Ever see Rogers and Hammerstein’s South Pacific? Then maybe you remember the Polynesian matron Bloody Mary singing these words of encouragement to the young couple.
In the context of the musical, Bloody Mary seems to be counseling the lovers to ignore horrible realities about the world of the time – a worldwide war, and prevailing ethnic prejudice.
However, it turns out that her advice may be based on solid science. In a recent issue, The Economist reports that Derek Rucker, David Dubois, and Zakary Tormala argue that rebuttal of rumors, however untrue, is unwise. They cite the painful example of Coca Cola, which in its meticulous effort to quash rumors has succeeded only in fanning the flames. The details here are worth the read.
Climate scientists should heed this social science, and be wary of the natural instinct to rebut false claims about their work, even when these claims originate from seemingly widely-followed sources.
Listen to this from that same article: “Instead of denying false rumours, a company should put out a stream of positive messages about itself, reckon Mr. Rucker and Mr. Dubois. This deprives myths of oxygen and also nudges people to doubt nasty things they may hear about the company in question.”
A stream of positive messages? This shouldn’t be too hard for climate scientists! Not a month goes by without a raft of new findings surfacing in Nature, Science, and other prestigious peer-reviewed journals. Scientists can find much to talk about: new understanding of the way glaciers melt, and how that melting can be so rapid; fascinating aspects of carbon chemistry in the oceans; novel insights into the behavior of plants (yes, even plants behave) and animals, and the way this behavior is influenced by weather and climate. The science is intriguing. The way the world works –as a whole and in detail – is breathtakingly marvelous. That men and women can unlock these secrets, and the way they do it, is amazing and uplifting. The list of breakthroughs is endless, and more discoveries are waiting in the wings.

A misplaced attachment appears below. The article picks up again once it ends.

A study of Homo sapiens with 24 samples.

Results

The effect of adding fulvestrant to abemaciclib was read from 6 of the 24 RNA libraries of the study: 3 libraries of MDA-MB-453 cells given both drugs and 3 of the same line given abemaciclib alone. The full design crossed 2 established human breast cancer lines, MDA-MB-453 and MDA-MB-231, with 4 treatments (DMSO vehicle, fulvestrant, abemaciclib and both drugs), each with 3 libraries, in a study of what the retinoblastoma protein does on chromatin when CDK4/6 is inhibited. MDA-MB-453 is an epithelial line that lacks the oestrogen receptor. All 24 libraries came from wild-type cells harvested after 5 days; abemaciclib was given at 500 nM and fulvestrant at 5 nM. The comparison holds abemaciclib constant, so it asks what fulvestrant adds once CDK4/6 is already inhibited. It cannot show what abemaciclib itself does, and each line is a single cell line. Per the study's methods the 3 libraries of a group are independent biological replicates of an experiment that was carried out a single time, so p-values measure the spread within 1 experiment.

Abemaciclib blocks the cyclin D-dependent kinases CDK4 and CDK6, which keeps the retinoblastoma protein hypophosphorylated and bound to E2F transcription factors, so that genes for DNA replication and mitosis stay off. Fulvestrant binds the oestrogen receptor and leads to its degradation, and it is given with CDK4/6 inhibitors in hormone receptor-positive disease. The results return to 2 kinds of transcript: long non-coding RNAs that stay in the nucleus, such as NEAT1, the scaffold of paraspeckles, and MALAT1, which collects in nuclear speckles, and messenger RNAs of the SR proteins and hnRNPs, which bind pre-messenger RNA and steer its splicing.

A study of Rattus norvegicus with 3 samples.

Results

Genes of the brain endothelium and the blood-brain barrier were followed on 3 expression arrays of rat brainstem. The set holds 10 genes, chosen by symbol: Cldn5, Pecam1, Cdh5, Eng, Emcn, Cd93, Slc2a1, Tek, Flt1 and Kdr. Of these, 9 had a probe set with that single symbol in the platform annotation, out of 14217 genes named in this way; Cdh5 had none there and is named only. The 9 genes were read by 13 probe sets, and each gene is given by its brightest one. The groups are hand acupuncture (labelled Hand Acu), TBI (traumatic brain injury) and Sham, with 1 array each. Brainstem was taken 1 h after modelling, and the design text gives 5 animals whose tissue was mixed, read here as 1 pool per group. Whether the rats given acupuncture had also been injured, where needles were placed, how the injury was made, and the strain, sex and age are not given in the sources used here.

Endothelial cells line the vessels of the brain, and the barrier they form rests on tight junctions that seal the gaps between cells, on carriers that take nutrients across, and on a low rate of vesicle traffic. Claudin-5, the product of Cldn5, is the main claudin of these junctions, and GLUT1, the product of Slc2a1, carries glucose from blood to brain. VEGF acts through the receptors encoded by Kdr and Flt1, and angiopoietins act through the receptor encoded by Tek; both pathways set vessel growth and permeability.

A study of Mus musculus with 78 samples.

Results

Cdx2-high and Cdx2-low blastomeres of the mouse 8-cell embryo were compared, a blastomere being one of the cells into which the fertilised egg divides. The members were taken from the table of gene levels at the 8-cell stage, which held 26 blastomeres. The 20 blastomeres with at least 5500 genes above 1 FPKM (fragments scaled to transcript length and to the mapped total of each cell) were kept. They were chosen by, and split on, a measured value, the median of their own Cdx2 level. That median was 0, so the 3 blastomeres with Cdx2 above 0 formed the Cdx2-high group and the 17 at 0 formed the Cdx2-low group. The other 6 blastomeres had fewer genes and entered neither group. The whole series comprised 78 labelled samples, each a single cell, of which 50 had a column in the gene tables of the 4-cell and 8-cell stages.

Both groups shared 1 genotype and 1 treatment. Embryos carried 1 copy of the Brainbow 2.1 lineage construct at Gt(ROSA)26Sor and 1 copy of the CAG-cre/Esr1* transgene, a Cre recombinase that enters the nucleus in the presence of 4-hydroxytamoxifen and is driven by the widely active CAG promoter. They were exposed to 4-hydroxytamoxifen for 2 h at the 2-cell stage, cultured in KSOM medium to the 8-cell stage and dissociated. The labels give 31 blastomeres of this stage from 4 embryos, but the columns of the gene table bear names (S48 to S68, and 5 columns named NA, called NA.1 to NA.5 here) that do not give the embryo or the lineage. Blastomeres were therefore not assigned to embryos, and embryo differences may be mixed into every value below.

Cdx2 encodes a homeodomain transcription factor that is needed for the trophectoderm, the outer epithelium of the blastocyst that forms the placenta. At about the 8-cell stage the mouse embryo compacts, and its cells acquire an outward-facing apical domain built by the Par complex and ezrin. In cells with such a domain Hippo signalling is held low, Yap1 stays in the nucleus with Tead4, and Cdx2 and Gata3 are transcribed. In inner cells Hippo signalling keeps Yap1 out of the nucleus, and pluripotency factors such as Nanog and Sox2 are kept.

All we have to do is the hardest thing of all – not bother to defend ourselves or our reputations.
This insight, however, is not new. In fact, it dates back at least to Old-Testament times. Consider Proverbs 26, verses 4 and 5:
4 Do not answer a fool according to his folly,
or you yourself will be just like him.
5 Answer a fool according to his folly,
or he will be wise in his own eyes.
The juxtaposition of these two adages is no accident. Solomon laments that being in the presence of a fool – someone who won’t listen to reason, or who places little value on integrity versus shortcuts, or the things that matter over the superficial – is a lose-lose proposition. If you and I attempt to rebut the foolishness, it’s hard for bystanders to tell who’s right and who’s wrong. Whereas, if we ignore the fool, he’ll go on causing mischief. A social reality dating back more than 2000 years!
However, it’s not quite lose-lose, is it? A more careful reading shows the asymmetry here, and one favoring silence. Argue with a fool, and we become like him. Who wants that? Ignore him, and the fool persists in his folly. But not anyone else! Not that outside audience watching both of us. We can live with one detractor whom few people respect a lot more easily than we can live with ourselves if we stoop to the inane.
Let’s go back to the Rucker et al. conclusion for a moment, however. Pay attention! There’s an important detail here. They emphasize positive messages. We shouldn’t be putting the science out there in a fashion that encourages the audience to lose hope. We shouldn’t be trying to wrest the title of “dismal science” from the economists. Let them cling tight to that distinction! Instead, we should highlight what’s interesting, even exciting about Earth science, and talking up options for action.
More on how and why in the next post.
 Caution: I tried finding a peer-reviewed source for this report by looking on the authors’ websites, but to no avail.